Johnson & Johnson ordered to pay $4.7 billion over talc
US pharmaceutical giant Johnson & Johnson was Thursday ordered to pay out $4.69 billion in damages in a lawsuit representing 22 women and their families who alleged a talc sold by the company contained asbestos and caused them to suffer cancer.
Johnson & Johnson was ordered to pay $4.7 billion in punitive damages by a jury Thursday in a case linking talc powder in the company's products to several cases of cancer.
Twenty-two women brought a lawsuit against Johnson & Johnson charging that its talc-based products caused ovarian cancer.
The fine was imposed in several phases. Earlier in the day, the company was ordered to pay $550 million as actual damages to the women. Later in the afternoon, the jury found it should also pay another $4.14 billion in punitive damages.
The attorney for the women said asbestos in Johnson & Johnson's famed talc baby powder caused ovarian cancer. Furthermore, the attorney argued that the company knew about the asbestos but kept this information private.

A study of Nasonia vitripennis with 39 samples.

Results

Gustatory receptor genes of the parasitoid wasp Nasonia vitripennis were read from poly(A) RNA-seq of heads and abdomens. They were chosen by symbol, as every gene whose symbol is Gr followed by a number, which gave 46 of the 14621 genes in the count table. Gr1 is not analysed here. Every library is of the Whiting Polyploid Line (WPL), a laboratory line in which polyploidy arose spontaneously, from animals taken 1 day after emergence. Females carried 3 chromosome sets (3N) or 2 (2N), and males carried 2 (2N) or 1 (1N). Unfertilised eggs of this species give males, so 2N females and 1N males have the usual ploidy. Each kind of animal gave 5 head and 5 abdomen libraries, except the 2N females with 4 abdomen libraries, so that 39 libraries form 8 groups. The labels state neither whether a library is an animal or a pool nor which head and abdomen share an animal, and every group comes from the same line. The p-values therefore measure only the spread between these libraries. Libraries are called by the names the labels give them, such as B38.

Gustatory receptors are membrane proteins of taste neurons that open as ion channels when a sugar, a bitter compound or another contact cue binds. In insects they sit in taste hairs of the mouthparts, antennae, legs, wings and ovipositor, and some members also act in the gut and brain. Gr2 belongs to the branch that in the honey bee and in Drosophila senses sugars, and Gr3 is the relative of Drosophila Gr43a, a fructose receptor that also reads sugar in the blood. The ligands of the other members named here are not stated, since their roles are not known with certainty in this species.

The fine was the largest yet for the company related to the baby powder, although it has paid out millions due to several lawsuits across the country starting in early 2016.
Talc is the softest mineral known to science, but it can be naturally contaminated by asbestos where it is mined.
"For over 40 years, Johnson & Johnson has covered up the evidence of asbestos in their products," Mark Lanier, attorney for the plaintiffs, said in a statement.
"We hope this verdict will get the attention of the J&J board and that it will lead them to better inform the medical community and the public about the connection between asbestos, talc, and ovarian cancer. The company should pull talc from the market before causing further anguish, harm, and death from a terrible disease."
The verdict was handed down after a trial that lasted six weeks.